Let's Talk about Projection in Worship
Projection technology has, for the most part, become ubiquitous in the world of business, academic, and scientific communication. Managers make pitches with clicker in hand. Professors deliver lectures from projected outlines. Engineers present findings to the team via PowerPoint. Projection technology has made its way into the church’s activities of preaching and worship too.
Those of us working on the WELS Hymnal Project have sensed that projection is an area where digital technology can exert a pronounced effect on the worship practices in our church body. Once installed, the projection system usually becomes the single most prominent digital technology in the sanctuary. For that reason alone the technology deserves careful consideration. Furthermore, the Technology Committee and the Executive Committee have recently taken up the task of deciding what sort of digital products to introduce with the new hymnal. Since our decisions about such technologies will shape worship practices for thousands of people we want to give this topic the careful thought it deserves. To assist us in our decision-making we are engaging congregations in a dialogue on the topic of projection in worship.
I believe that the time is right for such a dialogue. Digital technology has fully diffused into our culture and society. Everyone and their mother, as the idiom goes, uses such technology on a daily basis. The sort of communication, creativity, and efficiency that digital technology delivers is breathtaking. But we are also beginning to notice how the bright possibility of digital technology casts a shadow of its own.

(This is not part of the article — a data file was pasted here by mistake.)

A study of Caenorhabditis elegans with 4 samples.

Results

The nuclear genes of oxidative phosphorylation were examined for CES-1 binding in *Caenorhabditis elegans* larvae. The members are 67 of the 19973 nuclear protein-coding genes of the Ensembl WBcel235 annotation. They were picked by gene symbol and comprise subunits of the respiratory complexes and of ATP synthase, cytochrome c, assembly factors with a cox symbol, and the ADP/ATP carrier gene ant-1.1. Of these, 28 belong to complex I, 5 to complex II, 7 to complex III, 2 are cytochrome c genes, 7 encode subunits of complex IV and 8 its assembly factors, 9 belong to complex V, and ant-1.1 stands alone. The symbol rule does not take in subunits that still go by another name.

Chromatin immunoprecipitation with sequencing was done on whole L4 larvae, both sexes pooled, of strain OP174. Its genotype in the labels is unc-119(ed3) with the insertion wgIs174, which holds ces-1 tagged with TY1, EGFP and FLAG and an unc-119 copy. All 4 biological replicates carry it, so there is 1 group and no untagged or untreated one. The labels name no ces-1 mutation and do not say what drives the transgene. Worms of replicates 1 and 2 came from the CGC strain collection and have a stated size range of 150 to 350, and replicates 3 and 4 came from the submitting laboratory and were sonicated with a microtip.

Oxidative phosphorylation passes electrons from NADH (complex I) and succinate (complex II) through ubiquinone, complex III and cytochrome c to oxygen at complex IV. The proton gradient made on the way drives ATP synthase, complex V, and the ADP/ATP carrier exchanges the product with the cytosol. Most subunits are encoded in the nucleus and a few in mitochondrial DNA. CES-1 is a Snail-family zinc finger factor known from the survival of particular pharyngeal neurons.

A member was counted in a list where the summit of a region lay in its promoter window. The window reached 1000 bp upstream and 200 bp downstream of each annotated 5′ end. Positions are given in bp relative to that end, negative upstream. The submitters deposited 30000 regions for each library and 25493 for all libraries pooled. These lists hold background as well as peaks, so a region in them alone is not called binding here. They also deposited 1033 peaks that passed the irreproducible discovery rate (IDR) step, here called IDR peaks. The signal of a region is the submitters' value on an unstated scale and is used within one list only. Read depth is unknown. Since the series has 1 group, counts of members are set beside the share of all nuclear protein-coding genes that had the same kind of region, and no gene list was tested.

Together we are learning that technology is a transaction. We gain certain benefits—sometimes amazing benefits, but we also relinquish something in exchange. The trick, of course, is to accurately assess the transactional cost of a technology and then to deliberate whether what we give up is worth what we receive.
We want to better understand what that transaction looks like as congregations adopt more prominent digital technologies in their worship life, particularly the large-format projection screen. Our dialogue will identify the benefits that congregations seek to gain from projection, while also increasing our understanding of what congregations may give up in exchange.
The dialogue began recently when we sent a follow-up survey to all the congregations who previously indicated to us that they regularly used projection in worship. We noted at the time that 17% of congregations reported the practice of projecting some or all of the service onto a large-format screen. Our first survey only asked some basic questions about what congregations projected, now we want to gather more information about how projection is used in worship. We also hope to gain some insights into the attitudes, emotions, and philosophies that surround the practice.
The survey is just the first step in the dialogue. We will publish more blog posts on the topic in the future and announce further opportunities to participate in the dialogue. In a year’s time we will have a wide range of insights to offer based on the dialogue. Our hope and goal is that through this conversation our church body be well-equipped to make wise decisions about projection in worship.